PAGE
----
All of The Time: Ireland in the Sun
"The supporters want to see the team doing a lot better and not giving daft goals away like that. I’m not too happy with all that nonsense. To praise the supporters for sake of it … Let’s change that attitude […] They want to see the team winning – let’s not kid ourselves, we’re a small country, we’re up against it, but let’s not just go along for the sing-song every now and again.”
Change the word country to club, and Roy Keane’s controversial statement at Euro 2012 about the Republic of Ireland could quite easily fit the Eagles and their Premier League campaign so far in 2013.
The former Manchester United player’s comments were much-maligned at the time. But I think he was right then, and his point is right when applied to Palace now.
I’m not criticising the travelling support either. I just agree that we deserve better than patronising plaudits for our noise after another shoddy, lacklustre performance.
Our support really is second to none in the English top flight, but it’s already becoming a condescending regularity to have the fans praised while events on the pitch produce absolutely nothing to cheer about.
Nevertheless, we’ve always known that what lies in store for Palace this season is all very ominous, only now we can categorically specify the things that need to change - such as ball retention, attacking cohesion and spirit.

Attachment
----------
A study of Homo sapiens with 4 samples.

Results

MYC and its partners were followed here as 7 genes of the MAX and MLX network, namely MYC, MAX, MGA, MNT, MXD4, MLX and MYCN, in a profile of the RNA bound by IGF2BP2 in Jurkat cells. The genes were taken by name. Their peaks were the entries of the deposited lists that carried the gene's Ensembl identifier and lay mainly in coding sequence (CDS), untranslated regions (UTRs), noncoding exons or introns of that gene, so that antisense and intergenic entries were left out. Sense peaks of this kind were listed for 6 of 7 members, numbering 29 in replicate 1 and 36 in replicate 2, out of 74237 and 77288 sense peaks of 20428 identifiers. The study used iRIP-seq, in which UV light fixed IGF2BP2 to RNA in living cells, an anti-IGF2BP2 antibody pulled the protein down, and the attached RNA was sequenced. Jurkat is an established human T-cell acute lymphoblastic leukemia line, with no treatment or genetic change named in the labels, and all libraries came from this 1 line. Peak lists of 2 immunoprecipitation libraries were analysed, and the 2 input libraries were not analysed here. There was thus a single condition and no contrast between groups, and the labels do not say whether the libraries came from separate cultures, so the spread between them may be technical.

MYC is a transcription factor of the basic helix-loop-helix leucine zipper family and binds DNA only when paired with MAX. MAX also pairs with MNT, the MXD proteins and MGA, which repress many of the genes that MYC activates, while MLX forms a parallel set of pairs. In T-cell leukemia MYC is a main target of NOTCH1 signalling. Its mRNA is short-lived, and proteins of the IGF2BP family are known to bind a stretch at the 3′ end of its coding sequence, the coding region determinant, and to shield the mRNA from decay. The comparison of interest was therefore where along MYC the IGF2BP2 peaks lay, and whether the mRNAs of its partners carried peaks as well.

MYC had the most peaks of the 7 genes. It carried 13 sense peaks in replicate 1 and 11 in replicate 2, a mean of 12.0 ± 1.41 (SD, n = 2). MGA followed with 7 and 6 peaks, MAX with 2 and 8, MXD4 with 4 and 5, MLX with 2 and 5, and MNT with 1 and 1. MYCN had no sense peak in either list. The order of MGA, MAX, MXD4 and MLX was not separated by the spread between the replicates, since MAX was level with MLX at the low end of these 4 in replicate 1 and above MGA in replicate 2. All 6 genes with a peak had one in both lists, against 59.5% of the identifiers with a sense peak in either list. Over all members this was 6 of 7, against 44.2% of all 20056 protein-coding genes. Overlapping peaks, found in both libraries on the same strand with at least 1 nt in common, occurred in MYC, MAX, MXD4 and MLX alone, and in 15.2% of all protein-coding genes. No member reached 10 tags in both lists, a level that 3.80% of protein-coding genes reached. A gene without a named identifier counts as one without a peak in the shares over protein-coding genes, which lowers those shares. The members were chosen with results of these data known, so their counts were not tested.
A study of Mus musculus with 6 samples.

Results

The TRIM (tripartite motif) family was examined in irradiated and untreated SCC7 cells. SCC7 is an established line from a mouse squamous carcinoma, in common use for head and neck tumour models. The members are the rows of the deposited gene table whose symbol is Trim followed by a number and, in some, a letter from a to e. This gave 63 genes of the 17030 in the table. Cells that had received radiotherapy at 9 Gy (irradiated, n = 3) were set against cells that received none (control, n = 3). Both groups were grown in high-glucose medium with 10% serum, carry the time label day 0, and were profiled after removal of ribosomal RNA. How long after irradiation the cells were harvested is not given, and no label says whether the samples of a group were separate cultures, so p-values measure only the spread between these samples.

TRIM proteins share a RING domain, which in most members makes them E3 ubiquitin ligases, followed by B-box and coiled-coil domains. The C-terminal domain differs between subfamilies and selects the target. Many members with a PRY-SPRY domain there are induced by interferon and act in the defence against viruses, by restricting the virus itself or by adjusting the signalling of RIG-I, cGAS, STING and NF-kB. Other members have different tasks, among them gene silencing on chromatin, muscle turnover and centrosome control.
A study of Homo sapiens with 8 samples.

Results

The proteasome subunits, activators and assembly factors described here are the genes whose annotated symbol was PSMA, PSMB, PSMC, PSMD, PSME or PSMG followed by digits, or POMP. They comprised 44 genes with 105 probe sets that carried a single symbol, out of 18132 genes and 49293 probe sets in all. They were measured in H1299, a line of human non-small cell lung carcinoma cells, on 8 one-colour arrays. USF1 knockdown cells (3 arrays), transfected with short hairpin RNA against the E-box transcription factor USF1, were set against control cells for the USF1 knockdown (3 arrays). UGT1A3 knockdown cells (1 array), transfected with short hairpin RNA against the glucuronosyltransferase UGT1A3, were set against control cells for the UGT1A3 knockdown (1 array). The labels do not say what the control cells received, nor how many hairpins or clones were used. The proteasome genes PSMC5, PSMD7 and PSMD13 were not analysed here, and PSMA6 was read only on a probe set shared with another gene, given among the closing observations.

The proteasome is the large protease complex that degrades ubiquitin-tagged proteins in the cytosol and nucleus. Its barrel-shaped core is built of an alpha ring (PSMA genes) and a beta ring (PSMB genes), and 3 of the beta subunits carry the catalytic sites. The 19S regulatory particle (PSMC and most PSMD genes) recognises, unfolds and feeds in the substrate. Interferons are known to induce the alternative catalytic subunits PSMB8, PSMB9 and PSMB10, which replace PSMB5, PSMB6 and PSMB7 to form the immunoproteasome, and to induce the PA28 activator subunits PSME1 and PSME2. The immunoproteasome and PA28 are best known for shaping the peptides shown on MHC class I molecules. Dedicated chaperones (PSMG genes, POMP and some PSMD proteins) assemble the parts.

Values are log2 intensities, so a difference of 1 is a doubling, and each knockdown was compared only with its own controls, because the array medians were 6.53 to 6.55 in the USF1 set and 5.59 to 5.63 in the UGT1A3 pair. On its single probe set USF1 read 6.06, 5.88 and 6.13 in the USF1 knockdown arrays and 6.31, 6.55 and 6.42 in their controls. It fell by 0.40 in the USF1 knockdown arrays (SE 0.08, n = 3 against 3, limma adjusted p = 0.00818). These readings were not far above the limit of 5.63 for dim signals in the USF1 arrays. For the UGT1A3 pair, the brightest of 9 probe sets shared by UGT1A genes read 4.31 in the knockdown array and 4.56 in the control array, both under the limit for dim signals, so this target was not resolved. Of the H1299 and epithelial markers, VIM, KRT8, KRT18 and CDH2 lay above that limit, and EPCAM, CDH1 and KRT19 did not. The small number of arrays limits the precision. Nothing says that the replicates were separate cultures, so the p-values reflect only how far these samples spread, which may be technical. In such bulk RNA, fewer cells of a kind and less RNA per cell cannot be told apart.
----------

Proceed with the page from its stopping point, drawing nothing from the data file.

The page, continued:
And cutting out ludicrous decision-making. I’m talking about you Marouane.
Even from the opposite side of the pitch and at ground-level, I was immediately convinced Chamakh had dived to try and win a penalty.
It seemed ridiculous to go down and not to shoot. It was additionally embarrassing after our contempt and anger at Ashley Young’s simulation a few weeks ago.
Yes, this isn’t the European Championship, we’re not a small international side, and we haven’t just been beaten by Spain.
We’re in less of an inevitable situation than Ireland usually are, with plenty of still-winnable games, but it’s essential that we don’t make the same mistake of prematurely accepting our fate because of these early horrendous performances.
The season should not become simply having a few good days out.
Just because we’ve failed in our other attempts at Premier League survival doesn’t mean it’s over. We need to prove we’re more than an extremely well-supported, plucky team who rarely expects to win a game. We’re better than that, although it doesn’t look like it at the moment.